Countries’ claims to traditional Lebanese foods leave a bad taste in the mouth

That interest in food continues its upwards trajectory is hardly breaking news. We live in the era of Jamie, Nigella, Rick, Delia, Gordon et al.

In this delicious new zeitgeist we rush home to watch the Great British Bake off, go to restaurants that are called “kitchens” and salivate over what we now call “street food”. Authenticity and integrity are everything, even if it also involves very big money.

I felt the full force of this seemingly unstoppable movement last week in London when I attended The Guild of Food Writers annual awards in Opera Holland Park, where nearly 50 authors and broadcasters were shortlisted in 14 categories of writing and journalism. It was a full-on foodie-love in.


Two Lebanese beverage companies, Château Ksara and IXSIR were smart enough to spot the huge commercial opportunity by agreeing to be one of the events sponsors and it was not long before a few of the great and the good of food writing (and I mean some seriously influential people) were cooing (and I mean seriously cooing) about Lebanon and its culinary tradition.

They quite openly said they would love to visit (ie be invited) and that they were not in the slightest put off, neither by the foreign office advisory on travelling in Lebanon, nor the country’s proximity to ISIL forces plying their fiendish trade in nearby Syria. “We don’t worry about things like that,” the head food writer of a national daily, said with cheerful sangfroid.

But British composure aside, the Lebanese are nonetheless grappling with yet another manifestation of what has become a chronic image problem. If it’s not one thing it’s another; and these days the Syrian conflict threatens to spill over into area of the Bekaa Valley and the northern city of Tripoli. The foreign office warning does not make happy reading but the frustrating thing is that there are so many potential feel-good factors that the country could sell to a world that has apparently fallen head over heels with all things Mediterranean, especially its healthy diet.

The tourism ministry, which by the admission of a former minister at a human resources conference in Beirut last week, is overstaffed by ten times as many employees than it needs, should be the public sector department responsible for helping sell Lebanon as foodie heaven. And if it is not up to the job, the task should be farmed out. If I were running the show, I would give the job to Kamal Mouzawak, the man who for the past decade has almost single-handedly been fighting the good fight to correctly position Lebanon in today’s food-bonkers world.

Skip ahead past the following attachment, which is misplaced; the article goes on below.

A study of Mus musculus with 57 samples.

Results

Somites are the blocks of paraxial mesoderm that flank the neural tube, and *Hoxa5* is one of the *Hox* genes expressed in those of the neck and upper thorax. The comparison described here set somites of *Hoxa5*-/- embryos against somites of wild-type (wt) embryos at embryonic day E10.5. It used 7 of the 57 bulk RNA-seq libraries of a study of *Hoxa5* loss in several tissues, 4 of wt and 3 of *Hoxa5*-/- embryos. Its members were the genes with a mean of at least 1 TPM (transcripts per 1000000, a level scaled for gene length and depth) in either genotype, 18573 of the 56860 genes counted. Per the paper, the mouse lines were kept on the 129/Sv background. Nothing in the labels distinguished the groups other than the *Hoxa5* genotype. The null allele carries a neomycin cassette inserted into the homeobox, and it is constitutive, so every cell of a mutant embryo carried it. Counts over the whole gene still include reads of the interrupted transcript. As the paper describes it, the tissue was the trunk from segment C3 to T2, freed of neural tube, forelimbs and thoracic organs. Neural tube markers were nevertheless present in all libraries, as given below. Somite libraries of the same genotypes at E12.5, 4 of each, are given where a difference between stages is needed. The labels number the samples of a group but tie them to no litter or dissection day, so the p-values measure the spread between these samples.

With Tawlet – Arabic for table – his popular restaurant concept, Mr Mouzawak has successfully reminded the Lebanese of the origins of their culinary heritage. His formula is simple. He rotates an army of housewives from Lebanon’s different regions, who cook food they make in their own kitchens every day. The restaurant, sorry “kitchen”, would not look out of place in London’s Shoreditch or New York’s West Village, living and breathing traditions derived from a melting pot of different ethnic influences from the Lebanese mountains, the Bekaa and coastal plains that go back centuries. It is marketing gold dust.

But there is an arguably more pressing reason for the Lebanese to make a robust stand when it comes to their food. On April 6, in this paper, I suggested that a new generation of restaurateurs in the UK, the US, Denmark, Dubai and Australia, were driving Lebanese food to a new and exciting culinary erogenous zone.

So far so good, but ironically this new drive was started by the Israeli food writer and chef, Yotam Ottolenghi, a man who with his Palestinian partner Sami Tamimi, has graciously championed the region’s culinary pull but, and here’s the rub, in doing so, other Israelis have made no bones about claiming traditional Arabic food and ingredients – such as tahini, thyme and sumac – as their own.

And these are not the fears of a paranoid columnist. At least two influential Lebanese restaurateurs have voiced similar concern that their food might be “stolen”. In 2010, the then tourism minister Fadi Abboud, in the face of a ferocious Israeli attempt to share the culinary spoils when it came to hummus, called for the popular dip to be given a Lebanese designation in the same way the Greeks claimed feta cheese as their own.

What might now be nothing more than an irritation, could spiral into full blown cultural theft. What’s next? Israeli arak?

Michael Karam is a freelance writer who lives between Beirut and Brighton.